With more than 20,000 earthquakes reported annually, Alaska is by far the most seismically active state. Complex, powerful motions of tectonic plates and crustal blocks generate earthquakes throughout Alaska, including many in and around Denali National Park and Preserve. Alaska not only experiences the most earthquakes in the United States, but also the strongest. The Good Friday Earthquake—a 1964 magnitude 9.2 event located in Prince William Sound—remains the largest earthquake ever recorded in the U.S. and the secondlargest earthquake ever recorded worldwide.
Earthquake Monitoring in Denali
Alaska Earthquake Information Center
To monitor seismic activity, staff from the Alaska Earthquake Information Center (AEIC) install and operate seismic stations across the state. Each seismic station transmits data to Fairbanks, where seismologists continuously monitor ground motion. Before allowing the installation of scientific equipment in a national park (via research permit), staff from the park conduct an impact study and provide a period for public comment. AEIC has four seismic stations in Denali: (from west to east, see map) Castle Rocks (CAST), Kantishna Hills (KTH) on Wickersham Dome, Thoroughfare Mountain (TRF), and McKinley (MCK) near the park entrance.
Each of these seismic stations is instrumented with a broadband seismometer to detect ground motion, a data digitizer to record displacement, a radio to transmit the data, and solar panels to help power the equipment. In addition, CAST, KTH, and MCK are instrumented with accelerometers to measure ground acceleration. To send these continuous ground motion data to a central location for analysis, AEIC also operates radio repeaters within the park at Double Mountain, Mount Healy, and the Murie Science and Learning Center.
Was That an Earthquake?
Real time ground motion data from ~400 seismic stations across the state are used to identify and characterize each earthquake in Alaska. Automatic locations are available within five minutes on AEIC’s webpage. If the automatic location algorithms indicate a large earthquake, the seismologist on duty responds immediately (seismologists are on call 24/7) and issues an information release—in part to help emergency management personnel respond to significant events. Every event is briefly reviewed by the on-duty seismologist, and carefully relocated by an analyst. Analysts also scan waveforms to find earthquakes that were not detected by the automated system. AEIC analysts locate between 20,000 and 30,000 earthquakes in Alaska each year.
Where do Earthquakes Occur in the Park?
Earthquakes shake the ground daily, but most are minor local events. Seismicity in interior Alaska north of the Denali fault is dominated by shallow events (see blue dots on map above). Note how the blue dots scattered at the top of the map track roughly northeast-trending parallel lines. These lines are shear zones where smaller crustal blocks are shifting between major faults. Movement at shear zones have generated up to magnitude (M) 7.3 earthquakes. The Kantishna cluster is a group of small, shallow earthquakes—not far from Wonder Lake—at the southwestern end of a shear zone. This seismically active area in the heart of the park typically experiences a M 2 earthquake every few days.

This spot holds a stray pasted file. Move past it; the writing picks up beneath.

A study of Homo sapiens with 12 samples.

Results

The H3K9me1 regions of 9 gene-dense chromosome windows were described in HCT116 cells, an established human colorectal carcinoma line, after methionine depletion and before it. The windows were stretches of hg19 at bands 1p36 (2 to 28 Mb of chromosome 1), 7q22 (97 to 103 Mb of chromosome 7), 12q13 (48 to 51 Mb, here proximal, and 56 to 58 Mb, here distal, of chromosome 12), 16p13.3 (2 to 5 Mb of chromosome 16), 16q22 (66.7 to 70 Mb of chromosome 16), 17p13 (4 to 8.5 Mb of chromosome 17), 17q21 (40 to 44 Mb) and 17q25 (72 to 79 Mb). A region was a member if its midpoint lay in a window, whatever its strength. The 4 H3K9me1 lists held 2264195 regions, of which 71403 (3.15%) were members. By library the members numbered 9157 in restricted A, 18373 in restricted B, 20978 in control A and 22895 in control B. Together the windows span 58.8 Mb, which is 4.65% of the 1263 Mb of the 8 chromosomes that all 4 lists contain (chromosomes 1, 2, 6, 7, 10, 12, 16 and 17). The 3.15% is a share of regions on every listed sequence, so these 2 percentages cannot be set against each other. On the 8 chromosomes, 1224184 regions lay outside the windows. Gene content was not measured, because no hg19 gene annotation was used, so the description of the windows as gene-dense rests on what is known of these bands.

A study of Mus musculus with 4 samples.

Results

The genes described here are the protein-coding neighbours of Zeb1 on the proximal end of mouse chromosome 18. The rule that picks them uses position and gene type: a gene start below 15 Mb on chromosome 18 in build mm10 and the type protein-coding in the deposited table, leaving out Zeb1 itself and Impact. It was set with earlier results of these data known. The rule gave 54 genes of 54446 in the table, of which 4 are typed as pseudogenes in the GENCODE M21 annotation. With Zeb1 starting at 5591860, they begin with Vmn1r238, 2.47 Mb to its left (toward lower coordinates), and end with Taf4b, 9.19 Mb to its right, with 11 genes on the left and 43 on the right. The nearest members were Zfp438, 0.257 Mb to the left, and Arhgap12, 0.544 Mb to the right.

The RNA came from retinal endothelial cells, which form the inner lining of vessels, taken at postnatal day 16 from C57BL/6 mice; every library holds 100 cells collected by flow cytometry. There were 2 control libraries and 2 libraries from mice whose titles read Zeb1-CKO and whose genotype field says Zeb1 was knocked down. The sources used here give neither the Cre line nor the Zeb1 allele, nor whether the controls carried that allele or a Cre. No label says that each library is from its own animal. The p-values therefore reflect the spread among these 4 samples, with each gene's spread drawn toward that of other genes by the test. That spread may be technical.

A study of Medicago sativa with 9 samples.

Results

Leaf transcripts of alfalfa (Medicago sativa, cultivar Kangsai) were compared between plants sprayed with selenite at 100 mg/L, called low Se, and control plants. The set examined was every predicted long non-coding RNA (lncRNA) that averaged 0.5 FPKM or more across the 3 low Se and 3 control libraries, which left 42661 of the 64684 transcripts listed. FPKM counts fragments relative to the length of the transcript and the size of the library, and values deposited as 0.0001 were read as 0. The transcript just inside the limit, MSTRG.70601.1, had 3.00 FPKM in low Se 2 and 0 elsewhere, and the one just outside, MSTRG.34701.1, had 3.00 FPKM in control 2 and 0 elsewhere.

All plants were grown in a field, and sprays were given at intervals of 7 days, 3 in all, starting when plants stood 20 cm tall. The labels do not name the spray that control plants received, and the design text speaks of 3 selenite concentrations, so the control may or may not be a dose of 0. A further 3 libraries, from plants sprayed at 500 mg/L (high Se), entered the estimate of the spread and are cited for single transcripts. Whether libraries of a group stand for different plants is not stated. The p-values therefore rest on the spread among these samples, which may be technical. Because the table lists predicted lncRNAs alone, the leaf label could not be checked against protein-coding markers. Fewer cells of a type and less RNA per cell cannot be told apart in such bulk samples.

Deep earthquakes occur under the ground in the southern and eastern portions of the park (see red-orange and orange dots on the map above). These quakes are associated with the northern extension of the subduction edge of the Pacific plate and its dive beneath the North American crust. The Pacific plate is moving northwest relative to Alaska, causing many earthquakes along the interface. The pattern of shallow, intermediate, and deep events in south-central Alaska highlights the shallow angle of the subduction. In the Aleutian Islands, where the subduction angle is much steeper, the shallow-todeep earthquake pattern is more compact.
Earthquakes Outside the Park
The interaction of the Pacific and North American plates across southern Alaska creates a variety of sources for seismic activity. As crustal blocks slide horizontally past one another, strike slip faults occur; when blocks are pushed together, one block is thrust up or down along the fault line.
Great earthquakes (those with M greater than 8.0) typically occur along the Pacific-North American plate boundary far south of the park. The 1964 Good Friday Earthquake is an example.
Major earthquakes (those with a magnitude range of 7.0-7.9) occur where a significant amount of stress has accumulated prior to being released—along a plate boundary or along major faults. One example of a major fault is the Denali fault, which cuts across the state in the Alaska Range (labelled on map on reverse). In 2002, the M 7.9 earthquake ruptured a portion of the Denali fault east of the park to produce a horizontal offset of up to 8.8 m (29 feet). The main shock occurred about 80 km (50 miles) east of the Denali Visitor Center. In the months that followed, roughly 25,000 aftershocks were located on the Denali and Totshunda faults, revealing a surface rupture that was 325 km (200 miles) long.
Is Denali Waiting for the Big One?
The section of the Denali fault cutting across the park has not experienced a major earthquake within the last ~100 years. The more stress that builds up across a fault, the larger the earthquake is when that stress is released. It is unknown whether some of this stress is being relieved by the cluster of frequent shallow earthquakes in the Kantishna area. As the stress mounts along the Denali fault in the park, and as more time elapses without the stress release of a strong earthquake, the probability of a big earthquake in the park continues to rise.